How to reduce risk
First, do an audit of each application and find out the number of total elevated user (and service) accounts within the application. If the number seems extraordinarily high, do some research to confirm. Following the least-privilege principle, find out (or let the application team find out) how many elevated users are absolutely needed within the application. Get rid of those you don't need and improve control over the rest. I've done a few of these audits; it's usually easy to find the problem children, and you can eliminate a lot of them.
If the application requires a whole bunch of admins -- and yes, such crappy applications exist -- it's time to start contacting the developers or vendors. Any decent application should require only a few administrators. Everyone else should be a reader or maybe a content-specific editor.
My favorite applications are the RBAC (role-based access control) ones where almost no one is an admin, and even the admins are limited in what they can do. In a great RBAC program, what each user can do is determined by his or her role -- usually just a few functions or tasks. They can do only that task (say, update a record in a table) while within the application and performing a particular function.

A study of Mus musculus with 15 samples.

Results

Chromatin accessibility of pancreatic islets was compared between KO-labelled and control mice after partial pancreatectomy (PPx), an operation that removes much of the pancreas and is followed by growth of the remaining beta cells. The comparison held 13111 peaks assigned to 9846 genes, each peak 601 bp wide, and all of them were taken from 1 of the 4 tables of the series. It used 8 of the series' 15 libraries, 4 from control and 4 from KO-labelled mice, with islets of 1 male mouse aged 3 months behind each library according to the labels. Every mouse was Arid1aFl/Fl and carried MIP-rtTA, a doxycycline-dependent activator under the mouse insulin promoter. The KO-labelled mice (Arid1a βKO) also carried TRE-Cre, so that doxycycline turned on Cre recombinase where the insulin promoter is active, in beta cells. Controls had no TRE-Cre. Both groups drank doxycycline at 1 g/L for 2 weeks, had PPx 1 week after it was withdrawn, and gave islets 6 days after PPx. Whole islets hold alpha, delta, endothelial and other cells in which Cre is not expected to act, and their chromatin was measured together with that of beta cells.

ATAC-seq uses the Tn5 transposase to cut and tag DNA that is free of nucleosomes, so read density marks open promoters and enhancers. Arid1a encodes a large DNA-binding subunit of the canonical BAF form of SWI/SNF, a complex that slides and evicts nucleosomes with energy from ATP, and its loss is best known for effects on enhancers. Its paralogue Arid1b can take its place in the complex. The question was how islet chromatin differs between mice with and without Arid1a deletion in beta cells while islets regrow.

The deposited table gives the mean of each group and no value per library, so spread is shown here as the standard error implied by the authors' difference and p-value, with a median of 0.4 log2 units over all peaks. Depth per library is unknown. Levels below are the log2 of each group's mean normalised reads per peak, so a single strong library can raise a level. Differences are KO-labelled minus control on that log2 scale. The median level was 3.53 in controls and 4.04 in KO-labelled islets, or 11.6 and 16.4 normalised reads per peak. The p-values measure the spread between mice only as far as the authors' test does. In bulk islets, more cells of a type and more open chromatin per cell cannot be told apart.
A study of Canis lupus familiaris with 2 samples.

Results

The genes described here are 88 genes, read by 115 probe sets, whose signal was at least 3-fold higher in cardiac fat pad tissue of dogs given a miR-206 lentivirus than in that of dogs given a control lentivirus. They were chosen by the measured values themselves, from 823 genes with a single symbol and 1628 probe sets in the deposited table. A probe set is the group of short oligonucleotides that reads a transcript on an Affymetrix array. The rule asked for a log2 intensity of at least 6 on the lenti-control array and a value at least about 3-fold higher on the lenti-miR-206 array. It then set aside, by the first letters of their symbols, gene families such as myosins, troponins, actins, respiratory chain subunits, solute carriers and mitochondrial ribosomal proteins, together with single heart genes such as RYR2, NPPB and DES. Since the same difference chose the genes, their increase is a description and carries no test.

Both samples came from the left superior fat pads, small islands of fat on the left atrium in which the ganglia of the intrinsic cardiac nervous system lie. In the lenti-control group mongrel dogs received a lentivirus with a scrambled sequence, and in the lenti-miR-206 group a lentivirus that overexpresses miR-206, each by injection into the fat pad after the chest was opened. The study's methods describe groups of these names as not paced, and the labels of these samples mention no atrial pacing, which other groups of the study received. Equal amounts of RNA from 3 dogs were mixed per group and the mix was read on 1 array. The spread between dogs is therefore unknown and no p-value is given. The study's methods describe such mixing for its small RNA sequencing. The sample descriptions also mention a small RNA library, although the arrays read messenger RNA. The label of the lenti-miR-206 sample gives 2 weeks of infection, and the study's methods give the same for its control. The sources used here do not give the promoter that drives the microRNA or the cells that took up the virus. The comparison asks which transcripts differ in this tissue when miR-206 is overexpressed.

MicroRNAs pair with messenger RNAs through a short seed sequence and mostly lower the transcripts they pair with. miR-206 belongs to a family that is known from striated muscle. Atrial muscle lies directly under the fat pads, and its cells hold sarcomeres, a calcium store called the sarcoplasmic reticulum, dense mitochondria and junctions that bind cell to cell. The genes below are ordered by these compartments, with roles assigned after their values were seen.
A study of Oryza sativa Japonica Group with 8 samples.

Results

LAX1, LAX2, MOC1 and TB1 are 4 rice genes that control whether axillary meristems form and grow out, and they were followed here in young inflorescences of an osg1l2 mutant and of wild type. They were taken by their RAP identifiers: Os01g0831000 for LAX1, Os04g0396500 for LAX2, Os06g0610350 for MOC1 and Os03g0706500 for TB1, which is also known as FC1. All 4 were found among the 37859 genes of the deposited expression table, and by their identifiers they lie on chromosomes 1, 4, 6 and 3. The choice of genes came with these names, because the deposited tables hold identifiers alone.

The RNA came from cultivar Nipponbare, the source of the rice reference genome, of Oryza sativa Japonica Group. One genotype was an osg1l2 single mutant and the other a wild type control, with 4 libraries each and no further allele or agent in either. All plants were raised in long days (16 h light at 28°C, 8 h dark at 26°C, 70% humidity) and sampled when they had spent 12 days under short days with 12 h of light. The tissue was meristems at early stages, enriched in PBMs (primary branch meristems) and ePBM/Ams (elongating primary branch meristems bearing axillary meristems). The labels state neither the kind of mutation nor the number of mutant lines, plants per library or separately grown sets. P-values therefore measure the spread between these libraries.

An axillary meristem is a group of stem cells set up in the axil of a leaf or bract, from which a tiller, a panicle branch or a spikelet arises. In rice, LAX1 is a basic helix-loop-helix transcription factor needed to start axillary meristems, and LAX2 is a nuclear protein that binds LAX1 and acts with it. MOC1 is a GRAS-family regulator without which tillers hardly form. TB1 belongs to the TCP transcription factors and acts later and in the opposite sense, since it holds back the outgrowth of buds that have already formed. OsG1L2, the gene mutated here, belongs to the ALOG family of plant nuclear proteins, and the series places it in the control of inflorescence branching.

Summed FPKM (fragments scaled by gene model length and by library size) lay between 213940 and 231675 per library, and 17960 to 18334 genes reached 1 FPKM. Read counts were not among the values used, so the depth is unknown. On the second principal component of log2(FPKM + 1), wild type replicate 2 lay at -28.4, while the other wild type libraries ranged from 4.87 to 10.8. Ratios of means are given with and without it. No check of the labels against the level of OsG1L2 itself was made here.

Let me explain: In most of today's traditional applications, application admins have complete control of the application. They can do anything: change any setting, install or uninstall bits, add and remove users, and copy the entire database off the network to removable media. An application admin is like an app god.
But in an RBAC application, no one is god. No one can copy the entire database or delete it or whatever. The person who adds and removes users and grants elevated privileges is not the same person manipulating the data within the application. In another instance, an RBAC admin may be able to access and change data, but only while within an application module. Once the application is closed, the RBAC admin has zero rights to the underlying database or application.
The bad guys are after system access and databases. That's why I'm as worried about how a company controls and audits application administrators as I used to be about OS and network administrators. D'oh! It's never too late for old security guys to learn new risk tricks.
This story, "Too many admins spoil your security," was originally published at InfoWorld.com. Keep up on the latest developments in network security and read more of Roger Grimes' Security Adviser blog at InfoWorld.com. For the latest business technology news, follow InfoWorld.com on Twitter.